Ruby works at one of the many call centers in Metro Manila. Her monthly salary is 7,500 pesos or 288.46 pesos per day for every 26 working days. Her fellow office worker Daryl gets 8,000 pesos a month. Compared to what he receives, Ruby’s salary is not much to provide for her three children’s needs.
Both might not know that the daily minimum wage in Metro Manila is actually 481 pesos. Also, Ruby appears to be getting less than her male colleague. This shouldn’t be the case because she and Daryl had come in at the same time and have the same qualifications.
Even though this should strike her as odd, Ruby never bothered talking to her boss about it. She’s convinced herself that all male laborers do get more than their female counterparts.
Ruby appears to be digging a deeper hole for herself by not bringing up the matter with her boss. She believes that she has no right to ask about why her pay per month might be as low as it is. Ruby thinks she has to work extra hours and put in more time before she’s able to get better pay. This is the same case with many other workers in the Philippines.
Many people like Ruby and Daryl have no idea that they have basic rights as laborers. But there’s another aspect to the problem. Even employers themselves may not be aware of their employees’ rights in the workplace.
Are there more employees like Ruby?
Ruby isn’t the only one in this situation. About 2.3 million Filipino women still suffered from labor code violations in 2012 alone. These women may have the same or even better qualifications than the men in their field but still get paid less. Both men and women should know that they deserve equal salaries.
There have been many cases of labor code violations, not just wage gaps, between men and women. A recent case reports about Filipino workers who were severely underpaid for their work. These employees had low pay and were even unable to receive any of the basic employee benefits aside.
It’s clear that both Filipino employees and employers have to be more aware of labor rights.
Where can I learn about employee rights in the workplace?
One of the best things about the rise of the internet is the accessibility of information. The Department of Labor and Employment (DOLE) is your first source for all things worker rights-related.
For our convenience and awareness, DOLE has compiled a short list of basic employee rights here.
A. Equal Opportunities for All
Your employees have the right to full employment regardless of their gender, age, or religion. The government also can regulate your employer-employee relations.
B. Security of Tenure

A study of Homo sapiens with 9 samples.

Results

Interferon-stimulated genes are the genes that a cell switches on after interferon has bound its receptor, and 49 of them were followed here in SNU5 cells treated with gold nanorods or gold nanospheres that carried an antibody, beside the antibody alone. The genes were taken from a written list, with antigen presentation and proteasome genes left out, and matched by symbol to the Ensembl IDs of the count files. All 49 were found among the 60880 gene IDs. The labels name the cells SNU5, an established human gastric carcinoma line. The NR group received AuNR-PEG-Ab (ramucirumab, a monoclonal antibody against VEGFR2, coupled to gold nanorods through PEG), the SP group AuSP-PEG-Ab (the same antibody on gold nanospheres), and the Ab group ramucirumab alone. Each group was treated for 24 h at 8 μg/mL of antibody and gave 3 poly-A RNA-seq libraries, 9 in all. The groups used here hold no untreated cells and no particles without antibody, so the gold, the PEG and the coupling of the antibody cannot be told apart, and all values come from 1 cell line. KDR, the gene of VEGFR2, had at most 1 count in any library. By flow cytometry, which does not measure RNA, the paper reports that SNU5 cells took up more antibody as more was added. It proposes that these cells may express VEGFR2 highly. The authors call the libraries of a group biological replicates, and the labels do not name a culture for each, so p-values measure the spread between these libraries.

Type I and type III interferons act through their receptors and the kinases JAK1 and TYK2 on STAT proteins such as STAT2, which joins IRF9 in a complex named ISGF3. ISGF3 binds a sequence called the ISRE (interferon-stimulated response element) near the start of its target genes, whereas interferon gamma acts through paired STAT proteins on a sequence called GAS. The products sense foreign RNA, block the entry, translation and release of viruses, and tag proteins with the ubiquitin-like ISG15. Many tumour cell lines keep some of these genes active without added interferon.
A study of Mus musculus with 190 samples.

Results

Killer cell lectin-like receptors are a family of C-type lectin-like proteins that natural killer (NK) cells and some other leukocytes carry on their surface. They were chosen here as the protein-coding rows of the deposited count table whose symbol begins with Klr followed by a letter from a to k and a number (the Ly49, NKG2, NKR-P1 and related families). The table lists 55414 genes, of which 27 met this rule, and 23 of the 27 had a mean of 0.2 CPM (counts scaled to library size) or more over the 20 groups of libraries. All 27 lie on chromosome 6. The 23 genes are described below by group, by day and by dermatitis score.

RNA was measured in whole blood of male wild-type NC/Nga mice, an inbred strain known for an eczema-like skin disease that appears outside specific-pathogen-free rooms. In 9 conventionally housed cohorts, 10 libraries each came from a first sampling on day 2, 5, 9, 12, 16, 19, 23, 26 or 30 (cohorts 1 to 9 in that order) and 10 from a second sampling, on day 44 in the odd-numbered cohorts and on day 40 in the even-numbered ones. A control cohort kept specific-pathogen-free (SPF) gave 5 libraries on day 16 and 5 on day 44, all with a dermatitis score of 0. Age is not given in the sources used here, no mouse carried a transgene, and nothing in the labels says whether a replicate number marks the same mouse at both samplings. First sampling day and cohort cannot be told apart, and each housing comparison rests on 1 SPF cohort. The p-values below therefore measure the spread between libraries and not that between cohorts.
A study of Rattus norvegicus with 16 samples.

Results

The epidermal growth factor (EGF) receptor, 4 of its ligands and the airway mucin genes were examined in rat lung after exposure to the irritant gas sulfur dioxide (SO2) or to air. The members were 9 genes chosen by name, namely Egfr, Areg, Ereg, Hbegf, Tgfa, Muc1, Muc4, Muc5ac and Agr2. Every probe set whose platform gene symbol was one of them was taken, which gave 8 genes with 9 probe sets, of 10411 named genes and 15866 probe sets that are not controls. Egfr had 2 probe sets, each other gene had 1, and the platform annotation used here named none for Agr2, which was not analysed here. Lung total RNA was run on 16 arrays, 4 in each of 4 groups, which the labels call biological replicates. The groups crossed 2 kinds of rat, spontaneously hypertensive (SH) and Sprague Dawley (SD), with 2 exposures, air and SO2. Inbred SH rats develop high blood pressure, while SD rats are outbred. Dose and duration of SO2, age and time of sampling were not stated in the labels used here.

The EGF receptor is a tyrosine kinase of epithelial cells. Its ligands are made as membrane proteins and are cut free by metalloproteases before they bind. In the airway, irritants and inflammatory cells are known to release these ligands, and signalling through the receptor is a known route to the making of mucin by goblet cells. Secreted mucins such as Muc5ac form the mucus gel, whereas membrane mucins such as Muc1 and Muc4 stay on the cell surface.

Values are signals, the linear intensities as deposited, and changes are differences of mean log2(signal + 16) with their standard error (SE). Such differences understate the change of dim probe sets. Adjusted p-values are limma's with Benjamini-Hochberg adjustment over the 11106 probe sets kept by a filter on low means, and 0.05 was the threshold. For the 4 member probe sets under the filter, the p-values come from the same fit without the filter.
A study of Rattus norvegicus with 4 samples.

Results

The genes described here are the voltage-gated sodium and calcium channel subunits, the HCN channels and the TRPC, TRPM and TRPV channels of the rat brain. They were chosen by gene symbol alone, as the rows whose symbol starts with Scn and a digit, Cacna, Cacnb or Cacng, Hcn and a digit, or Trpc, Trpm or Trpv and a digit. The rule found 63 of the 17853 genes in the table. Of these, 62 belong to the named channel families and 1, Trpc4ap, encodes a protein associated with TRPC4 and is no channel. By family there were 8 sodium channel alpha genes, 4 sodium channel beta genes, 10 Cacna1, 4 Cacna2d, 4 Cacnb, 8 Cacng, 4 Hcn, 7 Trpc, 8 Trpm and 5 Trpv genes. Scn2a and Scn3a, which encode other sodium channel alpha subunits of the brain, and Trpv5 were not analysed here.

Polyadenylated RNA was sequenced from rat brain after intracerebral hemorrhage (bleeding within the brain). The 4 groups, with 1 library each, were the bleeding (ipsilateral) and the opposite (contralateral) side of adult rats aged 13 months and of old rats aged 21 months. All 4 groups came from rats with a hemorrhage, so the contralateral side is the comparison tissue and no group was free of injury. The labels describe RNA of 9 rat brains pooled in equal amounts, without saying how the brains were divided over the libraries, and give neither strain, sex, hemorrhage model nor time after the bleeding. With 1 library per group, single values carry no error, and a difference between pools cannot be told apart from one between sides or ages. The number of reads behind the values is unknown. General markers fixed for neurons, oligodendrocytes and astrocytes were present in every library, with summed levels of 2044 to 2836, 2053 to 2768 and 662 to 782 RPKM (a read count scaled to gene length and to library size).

This means your employees can’t be dismissed from your job without a reasonable cause. There should also be due process before any sort of dismissal.
C. Work Days and Work Hours
An employee must be paid for all the hours of work they put into their job. Extra payments should also be made if they work a night shift or work overtime.
D. Weekly Rest Day
A weekly rest day entitles your employees to a whole 24 hours of rest after every 6 working days they report to their office or job.
E. Wage and Wage-Related Benefits
The work they render their employer has to be compensated with a just wage. Any kind of work done that is not compensated is a violation of employee rights.
F. Payment of Wages
Employees should receive their wage either in cash, legal tender, or through a bank. The normal time they should get paid is after every 2 weeks or 16 days.
G. Female Employees
Female employees are exempt from working a night shift, save for some special cases. Facilities to help address women’s needs must also be available at the workplace.
H. Child Labor
Hiring a child under the age of 15 without parental consent is actually against the law. Also, minors cannot engage in any jobs that may be considered a hazard or threat to their wellbeing.
I. Safe Working Conditions
The workplace should not cause injury or sickness. Employers have to make sure the venue of work for their employees is a conducive environment.
J. Rights to Self-Organization and Collective Bargaining
This clause protects the employees’ right to join and form unions. It also ensures that the employer – and even the government – cannot interfere.
Are there any other rights I should know about not covered by that list?
Yes, there are. There may be situations your employees find themselves thrown into at work that leave them uncertain about what to do. You’re also not too sure if you’re covered by national law.
Be informed before it even happens by looking through this list of rights.
Getting paid their contracted rate
Employees have the right to question their employer if they receive less than the agreed-upon wage. Of course, they should keep in mind that there will be income tax deductions based on the pay.
This also applies to employee benefits. Employers shouldn’t deny or reduce any of the promised benefits.
Becoming a regular employee
If an employee is new to a company, it’s normal to experience a probationary period. The usual probation period lasts 6 months, though it may vary depending on the company.
After working for a company in the prescribed time, employees do not have to wait for their boss’s go signal. They are already a regular employee if they still work for you after the probationary period.
What do I do now?
Knowledge is power, so the best is to stay informed about all the laws affecting your employer-employee relations. Also, stay on top of current changes in the law and make your employees aware of those changes in case they might be affected by it.
You should always treat your employees equally and fairly. They say “Customer is King” but this is not entirely true. Actually, it is far more important to treat your employees the best way you can as they are the ones that will then treat your customers like kings. Only happy employees make happy customers.